It was the kind of moment that changes a game of footy.
With his side goalless well into the second quarter, and the pressure building, Josh Kennedy sprinted towards the West Coast Eagles attacking 50, calling for a kick over the top from Mark Hutchings.
He charged in behind Lachie Hansen, but – with eyes only for the footy – Kennedy was dreadfully exposed to a hit from North Melbourne defender Scott Thompson.
Kennedy’s commitment was unwavering, taking the mark just inside 50 as Thompson cannoned into his body.
If Kennedy was hurt he wasn’t showing it and, perhaps aware of the fact that Thompson himself was in pain, he got up and charged into goal.
It was inspirational, and from that moment on the Eagles bossed the terms against the Kangaroos.
It’s acts like that make Kennedy the most important man in the Eagles quest for the most unlikely of premierships.
At 28, Kennedy is still improving.
Other than 2012, a season that was blighted by a severe ankle complaint, Kennedy’s impact has grown steadily year on year – culminating with his first Coleman Medal and a maiden all Australian berth in 2015.
At this moment, Kennedy is the most valuable key forward in the AFL.
It could have been so different, when he went down clutching his right elbow during a thumping win over GWS.
There were reports at the time surgery on the joint could end Kennedy’s season.
— #AFLFinals (@AFL) May 2, 2015
Instead, he strapped it up every week and enjoyed the best season of his career.
In years gone by there have been knocks about his ability to get hold of decent opposition, kicking big bags against the likes of the Western Bulldogs, Carlton and GWS.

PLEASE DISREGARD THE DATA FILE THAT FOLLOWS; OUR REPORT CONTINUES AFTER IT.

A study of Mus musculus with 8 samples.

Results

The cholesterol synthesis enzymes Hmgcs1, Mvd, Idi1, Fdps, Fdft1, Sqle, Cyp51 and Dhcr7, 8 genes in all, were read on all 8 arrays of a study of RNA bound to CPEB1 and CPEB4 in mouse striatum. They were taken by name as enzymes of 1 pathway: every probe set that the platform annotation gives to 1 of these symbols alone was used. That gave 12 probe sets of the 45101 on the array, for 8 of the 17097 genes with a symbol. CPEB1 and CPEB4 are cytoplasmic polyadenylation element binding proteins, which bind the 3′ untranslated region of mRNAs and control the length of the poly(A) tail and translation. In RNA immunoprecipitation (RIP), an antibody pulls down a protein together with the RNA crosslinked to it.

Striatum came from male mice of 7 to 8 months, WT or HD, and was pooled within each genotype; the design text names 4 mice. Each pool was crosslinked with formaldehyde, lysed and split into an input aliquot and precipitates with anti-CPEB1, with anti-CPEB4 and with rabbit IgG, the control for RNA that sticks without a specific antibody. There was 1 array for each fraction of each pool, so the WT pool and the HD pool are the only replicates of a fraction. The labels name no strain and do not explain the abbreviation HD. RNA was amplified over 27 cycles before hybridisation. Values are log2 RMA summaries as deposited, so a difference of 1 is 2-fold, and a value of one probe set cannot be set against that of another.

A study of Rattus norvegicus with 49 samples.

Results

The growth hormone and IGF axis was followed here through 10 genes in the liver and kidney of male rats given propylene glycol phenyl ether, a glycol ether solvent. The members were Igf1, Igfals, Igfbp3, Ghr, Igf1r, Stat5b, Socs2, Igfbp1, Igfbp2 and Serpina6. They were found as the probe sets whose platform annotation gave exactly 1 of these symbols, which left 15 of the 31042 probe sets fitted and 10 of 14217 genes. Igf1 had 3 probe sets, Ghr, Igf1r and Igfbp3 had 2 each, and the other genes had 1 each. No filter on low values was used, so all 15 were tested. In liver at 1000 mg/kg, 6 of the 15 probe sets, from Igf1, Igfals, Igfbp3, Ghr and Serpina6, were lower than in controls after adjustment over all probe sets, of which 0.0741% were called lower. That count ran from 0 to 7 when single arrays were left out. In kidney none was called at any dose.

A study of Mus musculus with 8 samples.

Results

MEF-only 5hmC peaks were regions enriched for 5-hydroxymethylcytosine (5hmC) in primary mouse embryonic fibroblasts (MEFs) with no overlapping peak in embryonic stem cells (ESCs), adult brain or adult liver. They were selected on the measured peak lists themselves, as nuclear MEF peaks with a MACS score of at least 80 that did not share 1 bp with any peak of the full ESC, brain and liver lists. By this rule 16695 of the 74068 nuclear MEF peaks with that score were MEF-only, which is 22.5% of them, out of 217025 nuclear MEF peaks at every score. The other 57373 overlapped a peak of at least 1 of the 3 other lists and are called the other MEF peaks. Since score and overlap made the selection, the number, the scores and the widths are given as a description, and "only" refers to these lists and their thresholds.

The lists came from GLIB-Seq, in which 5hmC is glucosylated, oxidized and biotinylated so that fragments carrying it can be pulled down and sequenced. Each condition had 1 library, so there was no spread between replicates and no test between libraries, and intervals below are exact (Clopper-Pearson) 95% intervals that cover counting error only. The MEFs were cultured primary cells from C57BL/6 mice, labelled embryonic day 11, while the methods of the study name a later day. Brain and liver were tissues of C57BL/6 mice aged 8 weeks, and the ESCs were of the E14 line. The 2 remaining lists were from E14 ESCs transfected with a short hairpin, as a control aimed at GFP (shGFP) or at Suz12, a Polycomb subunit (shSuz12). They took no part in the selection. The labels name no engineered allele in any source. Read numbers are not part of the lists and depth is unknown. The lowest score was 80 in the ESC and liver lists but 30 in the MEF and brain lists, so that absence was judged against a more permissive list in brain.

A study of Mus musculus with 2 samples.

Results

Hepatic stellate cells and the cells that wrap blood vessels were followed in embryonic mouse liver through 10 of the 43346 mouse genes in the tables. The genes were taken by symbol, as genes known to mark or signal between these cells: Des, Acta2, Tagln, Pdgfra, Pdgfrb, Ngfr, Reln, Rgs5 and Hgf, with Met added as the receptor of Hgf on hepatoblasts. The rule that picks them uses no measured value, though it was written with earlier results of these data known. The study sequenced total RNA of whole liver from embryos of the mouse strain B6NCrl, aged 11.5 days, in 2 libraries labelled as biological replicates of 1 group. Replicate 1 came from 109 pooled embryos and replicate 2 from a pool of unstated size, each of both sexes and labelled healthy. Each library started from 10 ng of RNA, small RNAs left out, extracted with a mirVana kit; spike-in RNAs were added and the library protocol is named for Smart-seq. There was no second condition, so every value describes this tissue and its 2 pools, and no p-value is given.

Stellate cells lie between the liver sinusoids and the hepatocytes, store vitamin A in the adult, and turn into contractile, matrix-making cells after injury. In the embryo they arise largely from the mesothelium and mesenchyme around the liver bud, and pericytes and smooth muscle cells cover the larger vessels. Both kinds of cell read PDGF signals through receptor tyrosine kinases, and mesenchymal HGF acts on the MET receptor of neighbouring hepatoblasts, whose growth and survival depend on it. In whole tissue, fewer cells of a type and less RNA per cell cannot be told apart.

But he has a knack of bobbing up against the best sides too – he kicked four against the Hawks in a losing effort in Round 19, while he snared three in West Coast’s qualifying final win.
And it’s not just the goals – it’s his intensity at the contest.
He chases defenders like they’ve stolen his wallet, crashes packs with reckless abandon.
Kennedy, along with his fellow forwards Jack Darling and – in particular – Jamie Cripps, exert a pressure that means opposition defenders are always under the pump.
With Kennedy leading the way, Hawks defenders Josh Gibson, Brian Lake and James Frawley will not be afforded the same time and space Fremantle allowed them on Friday night.
His constant menace creates space for the dangerous Mark LeCras and Josh Hill, even when he’s not getting the ball.
In 2007, a lot of West Coast supporters viewed the unproven Kennedy as little more than a set of steak knives in the deal that saw Chris Judd end up at Carlton.
He’s now the most important jewel in the Eagles considerable attacking crown.